WHAT IS VOICE & TONE?
At PCC, we speak with a consistent voice across all publications and platforms. This voice is how we convey our brand and our personality to the world.
Our tone adapts to our audience and the purpose of writing. For example, social media writing may be more conversational and use shorter sentences, while writing for a potential foundation donor may call for longer, more dynamic sentences. However, it should always sound as if the same person is speaking. This consistency is the PCC voice.
THE PCC VOICE & TONE
The voice of PCC is friendly, familiar, optimistic, helpful and straightforward. Our words are simple, concise and conversational. Less is more — we say what we mean in the simplest way. Our priority is to help our audience get the information they’re looking for and the support they’re seeking.
In writing, our voice is created through our word choice, sentence structure, and point of view. When writing in the PCC Voice, a few key things to remember are:
After first reference, use first person plural pronouns such as we, our, and us.
Instead of “PCC offers degrees and certificates,” say “We offer degrees and certificates.”
Create closeness to your audience by speaking directly to them. Use pronouns such as you and your.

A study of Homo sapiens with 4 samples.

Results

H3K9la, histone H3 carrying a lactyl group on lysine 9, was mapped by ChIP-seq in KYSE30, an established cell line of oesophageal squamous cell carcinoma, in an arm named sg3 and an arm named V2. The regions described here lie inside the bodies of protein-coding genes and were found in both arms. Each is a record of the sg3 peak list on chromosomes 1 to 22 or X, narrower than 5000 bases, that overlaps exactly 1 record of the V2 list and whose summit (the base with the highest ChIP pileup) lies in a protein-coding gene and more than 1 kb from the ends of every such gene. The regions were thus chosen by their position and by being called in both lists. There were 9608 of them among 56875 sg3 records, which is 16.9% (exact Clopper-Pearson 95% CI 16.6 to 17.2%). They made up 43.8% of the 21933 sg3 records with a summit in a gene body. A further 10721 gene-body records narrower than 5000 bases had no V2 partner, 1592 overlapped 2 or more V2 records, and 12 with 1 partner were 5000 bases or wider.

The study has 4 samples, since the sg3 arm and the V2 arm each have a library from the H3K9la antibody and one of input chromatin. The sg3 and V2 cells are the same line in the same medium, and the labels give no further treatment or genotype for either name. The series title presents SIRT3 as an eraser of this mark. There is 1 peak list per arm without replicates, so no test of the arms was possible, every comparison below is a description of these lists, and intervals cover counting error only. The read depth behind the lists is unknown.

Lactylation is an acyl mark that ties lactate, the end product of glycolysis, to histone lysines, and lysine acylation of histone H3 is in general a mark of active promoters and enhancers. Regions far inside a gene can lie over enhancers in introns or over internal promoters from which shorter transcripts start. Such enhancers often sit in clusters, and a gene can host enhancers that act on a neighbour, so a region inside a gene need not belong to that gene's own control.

Instead of “Students can register today,” say “You can register today.”
You may be an expert, but avoid coming across as bossy.
Instead of “You must login to LancerPoint to register for classes,” say “Trying to register for classes? Login to LancerPoint.”
Instead of “You can’t sign up for classes without taking the online orientation,” say “Take the online orientation to get started on your course registration.”
Create friendliness through the use of warm, conversational words. Though informal words are great, carelessness such as spelling and grammar errors are not.
Use our Grammar and Editorial Guide to help answer any questions.
When possible, choose simple, easily understandable words.
In the world of academia, there are many institutionalized words that should be used, even if they are a bit more “complex.” Don’t dumb down the language. Instead, provide context to make it understandable.
Use our Grammar and Editorial Guide to help determine the correct academic words to use.
Use clear language. Avoid jargon and idioms, which may be confusing to your readers. Write in the active voice, avoiding the passive voice when possible.
Instead of “Club applications will be collected by the Associated Students,” say “The Associated Students will collect club applications.”
Your goal as a content writer is to help users complete their tasks and understand information. When writing, be aware of this and make sure what you are saying is helping them reach that goal.
Consider why users are reading your content and how they are likely to be feeling. Are they current students, frustrated because they can’t figure out which classes to take? Are they new students, excited because they just finished applying to PCC? Perhaps visiting community members, confused about where to park. When writing, adjust your tone to be conscientious of the wide range of emotions your readers are probably experiencing.